December 2nd 2014
An estimated £23.9 million has been tricked out of unsuspecting victims of 'vishing' phone calls in the last year in the UK. The figure has been released today by Financial Fraud Action (FFA UK), the group under which the financial services industry co-ordinates its activity on fraud prevention. The figure is up from £7 million the previous year.
FFA UK is launching an awareness advertising campaign to highlight the dangers of vishing … a kind of social engineering, as manipulative frauds are known.
Conducted on behalf of FFA UK by ICM, the research suggests that 58% of people have received suspect calls, a steep rise from 41% of respondents in a similar study carried out last summer.
'Vishing' – a combination of 'voice' and 'phishing' – involves a fraudster deceiving victims into believing they are calling from the police, their bank or a computer support company. The calls attempt to convince the victim that they have been the victim of fraud and ask for personal financial information – such as card details or a PIN – to access their account. Some ask victims to transfer money, to withdraw cash from a branch, or to hand over a bank card to a courier. The computer support calls often request remote access to the victim's computer, resulting in installation of spyware or, at the very least, antivirus software which is available free, but is charged for by the fraudsters at an often exorbitant price.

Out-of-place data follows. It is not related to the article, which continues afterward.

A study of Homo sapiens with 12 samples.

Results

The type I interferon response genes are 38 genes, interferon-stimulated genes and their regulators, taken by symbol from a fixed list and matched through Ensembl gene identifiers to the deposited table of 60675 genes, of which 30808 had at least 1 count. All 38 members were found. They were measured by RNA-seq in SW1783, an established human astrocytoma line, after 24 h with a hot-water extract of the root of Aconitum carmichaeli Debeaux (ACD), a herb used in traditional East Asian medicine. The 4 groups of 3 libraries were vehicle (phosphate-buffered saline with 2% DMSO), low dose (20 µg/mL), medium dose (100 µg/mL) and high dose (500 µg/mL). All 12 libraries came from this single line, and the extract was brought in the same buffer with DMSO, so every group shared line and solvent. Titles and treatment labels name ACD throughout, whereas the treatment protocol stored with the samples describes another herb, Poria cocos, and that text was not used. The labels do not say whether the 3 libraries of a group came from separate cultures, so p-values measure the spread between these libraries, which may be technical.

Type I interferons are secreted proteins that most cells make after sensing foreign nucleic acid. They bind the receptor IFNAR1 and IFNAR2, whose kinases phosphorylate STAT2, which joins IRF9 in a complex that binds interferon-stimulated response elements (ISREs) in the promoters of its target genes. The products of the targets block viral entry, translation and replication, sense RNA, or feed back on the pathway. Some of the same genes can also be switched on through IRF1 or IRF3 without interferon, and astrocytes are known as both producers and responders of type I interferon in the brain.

Worrying lack of awareness and recognition
Despite the growing threat, results from the research found that 25% of people make no effort to challenge the identity of callers asking for financial information. 6% of people said they found it difficult to tell the difference between genuine requests for information on the phone and fraudulent ones.
A sizeable minority also said they would comply with fraudulent directions from the criminal, believing them to be genuine requests from the caller. A total of 10% of respondents said they would either give cash to a ‘courier’, hand over their card, or move money into another account if requested to do so by a criminal purporting to be from their bank.
41% of those questioned were unaware of the fraudsters’ trick of encouraging their victim to call the bank to verify their identity, only to stay on the line, which can remain open for up to two minutes. When the victim picks up the phone to make what they assume is a new call, the criminal’s accomplice tricks them into thinking they are now connected to the bank.
FFA UK's advice to consumers
– Being wary of cold calling, especially if the caller suggests you call back
– Banks and the police never ask for personal banking details, or request that individuals withdraw or transfer money
– If suspicious of a call, hang up, wait five minutes or preferably use a different phone line to report the fraud
Advertisements are appearing across the country this week to warn people of telephone scams. All the major UK banks, building societies, card companies and chief police officers have also collaborated in signing a declaration aiming to highlight the warning signs of phone scams.